CRYSTAL PALACE 3
Bardsley 15 og Batshuayi 48 Zaha 76
BY MATT WOOSNAM AT TURF MOOR
As far as team performances go, this was a nearly faultless one as Crystal Palace were led to a fine victory by a resurgent Wilfried Zaha.
Zaha was menacing throughout. For all his stepovers, clever footwork and general trickery, he can be frustratingly absent where and when it matters. But against Leicester, Manchester United last Wednesday and now here at Turf Moor, a more mature, effective player shone through.
The talk of a big money move away has died down. He is far more valuable to Palace than to any club who would buy him, given his price tag is upwards of £50million. That is essentially a blessing for the Eagles, who need their star player even when he is not at his best. Those dips in form – of which there have perhaps been too many this season – are enough to prevent him angling for a move away, with the knowledge that his limitations are just enough to stop a move to a Champions League side.
At Turf Moor, Palace were excellent. This was a gritty performance which steadily improved to become a vintage team victory, guided by Zaha’s influence in all three goals.
The first came on 15 minutes. It was the Ivorian on a classic counter-attack who injected a burst of speed down the right wing, beat Charlie Taylor and crossed into the penalty area. The Burnley defence cleared but only as far as Jeffrey Schlupp who cut the ball back in to see Phil Bardsley turn the ball into his own net while attempting to clear.
Up to that point, the hosts had predominantly held most of the possession, and they continued to keep the ball more throughout the remaining half an hour of the first half.
But Palace under Hodgson play very much on the counter attack, at least until they end up in the ascendency. They came under pressure midway through the half when Chris Wood advanced into the area before firing at goal. Wayne Hennessey – brought in to counter Burnley’s aerial threat – spread himself well to initially narrow the angle and subsequently block the shot.
Zaha was again involved in almost everything going forward, the midfield opting to find him down the right time after time. He knocked the ball past Ben Mee to be booked for a cynical block.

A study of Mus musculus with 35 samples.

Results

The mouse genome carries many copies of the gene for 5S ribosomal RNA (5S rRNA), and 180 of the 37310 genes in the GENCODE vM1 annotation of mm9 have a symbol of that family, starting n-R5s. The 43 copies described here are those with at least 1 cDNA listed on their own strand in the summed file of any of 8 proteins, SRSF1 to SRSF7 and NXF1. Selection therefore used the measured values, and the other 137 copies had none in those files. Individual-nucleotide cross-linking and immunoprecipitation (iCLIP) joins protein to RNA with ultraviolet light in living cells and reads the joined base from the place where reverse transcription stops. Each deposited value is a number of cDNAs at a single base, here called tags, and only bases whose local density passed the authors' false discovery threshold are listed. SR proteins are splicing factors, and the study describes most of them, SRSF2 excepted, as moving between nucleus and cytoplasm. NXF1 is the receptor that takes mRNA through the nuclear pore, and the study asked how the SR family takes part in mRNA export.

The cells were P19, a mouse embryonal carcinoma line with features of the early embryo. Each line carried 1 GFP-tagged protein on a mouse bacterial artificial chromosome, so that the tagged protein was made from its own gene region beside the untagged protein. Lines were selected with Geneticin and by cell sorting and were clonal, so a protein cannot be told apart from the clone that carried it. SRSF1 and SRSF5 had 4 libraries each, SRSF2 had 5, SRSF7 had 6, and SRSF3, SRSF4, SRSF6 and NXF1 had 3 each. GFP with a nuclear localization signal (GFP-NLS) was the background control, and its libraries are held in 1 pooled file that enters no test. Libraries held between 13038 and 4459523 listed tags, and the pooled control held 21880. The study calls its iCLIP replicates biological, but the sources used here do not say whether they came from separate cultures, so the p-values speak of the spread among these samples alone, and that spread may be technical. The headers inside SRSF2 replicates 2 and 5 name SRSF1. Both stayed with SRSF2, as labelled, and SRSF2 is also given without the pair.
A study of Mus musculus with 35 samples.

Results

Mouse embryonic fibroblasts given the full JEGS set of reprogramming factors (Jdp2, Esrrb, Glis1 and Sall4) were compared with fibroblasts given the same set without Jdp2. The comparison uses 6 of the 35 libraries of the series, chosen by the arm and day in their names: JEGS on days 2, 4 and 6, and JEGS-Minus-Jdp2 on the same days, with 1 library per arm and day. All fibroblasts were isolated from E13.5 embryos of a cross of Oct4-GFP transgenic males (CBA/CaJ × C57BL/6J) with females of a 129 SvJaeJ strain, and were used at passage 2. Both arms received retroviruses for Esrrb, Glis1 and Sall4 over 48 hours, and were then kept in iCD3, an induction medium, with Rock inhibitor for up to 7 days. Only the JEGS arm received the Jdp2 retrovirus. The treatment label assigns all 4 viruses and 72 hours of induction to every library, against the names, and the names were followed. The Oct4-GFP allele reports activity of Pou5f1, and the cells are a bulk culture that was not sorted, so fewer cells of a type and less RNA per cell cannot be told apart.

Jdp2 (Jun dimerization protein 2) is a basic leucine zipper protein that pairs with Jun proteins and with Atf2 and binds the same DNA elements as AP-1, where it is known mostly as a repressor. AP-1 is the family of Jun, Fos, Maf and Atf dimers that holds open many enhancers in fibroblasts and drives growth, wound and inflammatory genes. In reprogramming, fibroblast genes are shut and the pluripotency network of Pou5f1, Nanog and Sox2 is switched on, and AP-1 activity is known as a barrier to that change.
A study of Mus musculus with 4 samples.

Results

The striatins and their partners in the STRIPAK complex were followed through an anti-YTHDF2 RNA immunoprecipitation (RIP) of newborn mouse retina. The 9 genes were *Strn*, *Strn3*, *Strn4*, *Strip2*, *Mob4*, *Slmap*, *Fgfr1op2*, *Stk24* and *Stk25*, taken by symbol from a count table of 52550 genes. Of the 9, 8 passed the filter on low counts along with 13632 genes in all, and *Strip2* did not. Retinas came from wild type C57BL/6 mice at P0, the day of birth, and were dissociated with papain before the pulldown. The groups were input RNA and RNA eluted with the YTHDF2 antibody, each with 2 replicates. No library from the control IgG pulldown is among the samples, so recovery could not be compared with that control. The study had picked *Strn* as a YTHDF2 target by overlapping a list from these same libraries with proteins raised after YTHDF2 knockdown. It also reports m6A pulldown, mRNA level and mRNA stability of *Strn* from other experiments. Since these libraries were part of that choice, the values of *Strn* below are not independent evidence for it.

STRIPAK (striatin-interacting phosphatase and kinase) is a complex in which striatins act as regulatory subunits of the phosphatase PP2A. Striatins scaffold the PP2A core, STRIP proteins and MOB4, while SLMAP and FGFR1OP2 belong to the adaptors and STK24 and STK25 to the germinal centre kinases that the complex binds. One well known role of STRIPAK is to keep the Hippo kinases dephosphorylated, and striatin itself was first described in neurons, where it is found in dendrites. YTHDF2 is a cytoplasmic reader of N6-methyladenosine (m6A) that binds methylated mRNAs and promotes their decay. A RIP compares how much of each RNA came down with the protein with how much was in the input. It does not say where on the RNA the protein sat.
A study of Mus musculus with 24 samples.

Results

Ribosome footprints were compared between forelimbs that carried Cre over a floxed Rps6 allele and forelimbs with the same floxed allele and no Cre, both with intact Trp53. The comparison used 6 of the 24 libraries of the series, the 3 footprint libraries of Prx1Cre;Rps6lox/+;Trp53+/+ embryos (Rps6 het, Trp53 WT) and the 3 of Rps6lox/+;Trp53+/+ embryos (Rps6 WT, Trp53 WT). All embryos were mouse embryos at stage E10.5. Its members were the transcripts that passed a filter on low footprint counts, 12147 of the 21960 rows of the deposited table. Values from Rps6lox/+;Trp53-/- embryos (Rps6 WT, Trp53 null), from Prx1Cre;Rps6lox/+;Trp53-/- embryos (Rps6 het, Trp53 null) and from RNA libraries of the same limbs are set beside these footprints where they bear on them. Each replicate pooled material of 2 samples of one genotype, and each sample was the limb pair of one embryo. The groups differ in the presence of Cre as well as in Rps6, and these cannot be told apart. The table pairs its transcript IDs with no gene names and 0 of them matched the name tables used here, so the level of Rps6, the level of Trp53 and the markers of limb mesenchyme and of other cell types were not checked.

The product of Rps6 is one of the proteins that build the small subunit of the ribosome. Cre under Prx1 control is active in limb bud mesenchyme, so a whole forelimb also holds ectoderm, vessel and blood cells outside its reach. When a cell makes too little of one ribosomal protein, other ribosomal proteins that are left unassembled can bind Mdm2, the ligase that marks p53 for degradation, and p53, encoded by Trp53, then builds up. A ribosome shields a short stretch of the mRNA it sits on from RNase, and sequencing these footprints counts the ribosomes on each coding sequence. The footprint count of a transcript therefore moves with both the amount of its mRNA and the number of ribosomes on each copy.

But as good as Zaha was, it was the return of Aaron Wan-Bissaka from injury that aided him significantly.
The young right-back had a slow start but after the Eagles went ahead he came into his own, expertly challenging and coming away with the ball, moving it into good positions before frequently laying it off to Zaha. This continued throughout the match. The youngster’s return boosted his side both in defence and on the attack.
The pair both played a part in doubling the lead just three minutes into the second half. Zaha found Wan-Bissaka who moved forwards and played a perfect low cross for Michy Batshuayi to thump beyond Tom Heaton.
It would be the Eagles’ talisman who put the game to bed when he used his quick feet to bamboozle Taylor and Ben Mee, making space before firing into the back of the net.
Yes, this was his day. He was clever with his use of the ball, he played with his team-mates rather than trying to do everything himself. There was one occasion when he did too much, but he can be forgiven a minor misdemeanour. Largely he kept his cool despite frequent hefty challenges. Roy Hodgson subbed him with the game won.
This victory belonged to Zaha but also to his fellow academy graduate who is somehow even more enjoyable to watch despite the less eye-catching position. With Gareth Southgate sat in the stands, anything less than a senior England call up would be desperately disappointing.
It also warrants acknowledgement of the role played by Scott Dann and James Tomkins. Aside from a 90th minute lapse when Ashley Barnes nodded home an Ashley Westwood centre, the pair marshalled Burnley’s hefty centre-forwards, Barnes and Chris Wood. Martin Kelly has performed admirably when deputising, but Dann was almost faultless here.
Five changes were made by Hodgson, with Wan-Bissaka, Dann, Max Meyer, Kouyate and Hennessey coming in. The only disappointment was Meyer, who saw the game pass him by. James McArthur looked positive when coming on to replace the German, and it seems unlikely he will lose his place in the long term.
Batshuayi ought to have scored when he latched onto a misjudged header back from Mee, to be one on one with Heaton, only to run the ball too far.
There was very little that went wrong in this game, but the failure to keep a clean sheet by conceding late on will be a cause for frustration. Palace were a little slow to start, but then blew their opponents away – as they did at Leicester.
It could, and should have been a greater margin of victory here, but Hodgson will be content with his team’s efforts.
Crystal Palace (4-3-3): Hennessey 6, Wan-Bissaka 8, Tomkins 7, Dann 8, Van Aanholt 6, Kouyate 6, Milivojevic 6, Meyer 4 (McArthur 71), Zaha 8 (Townsend 79) Batshuayi 7 (Benteke 83), Schlupp 6. Not used: Guaita, Ward, Kelly, Ayew.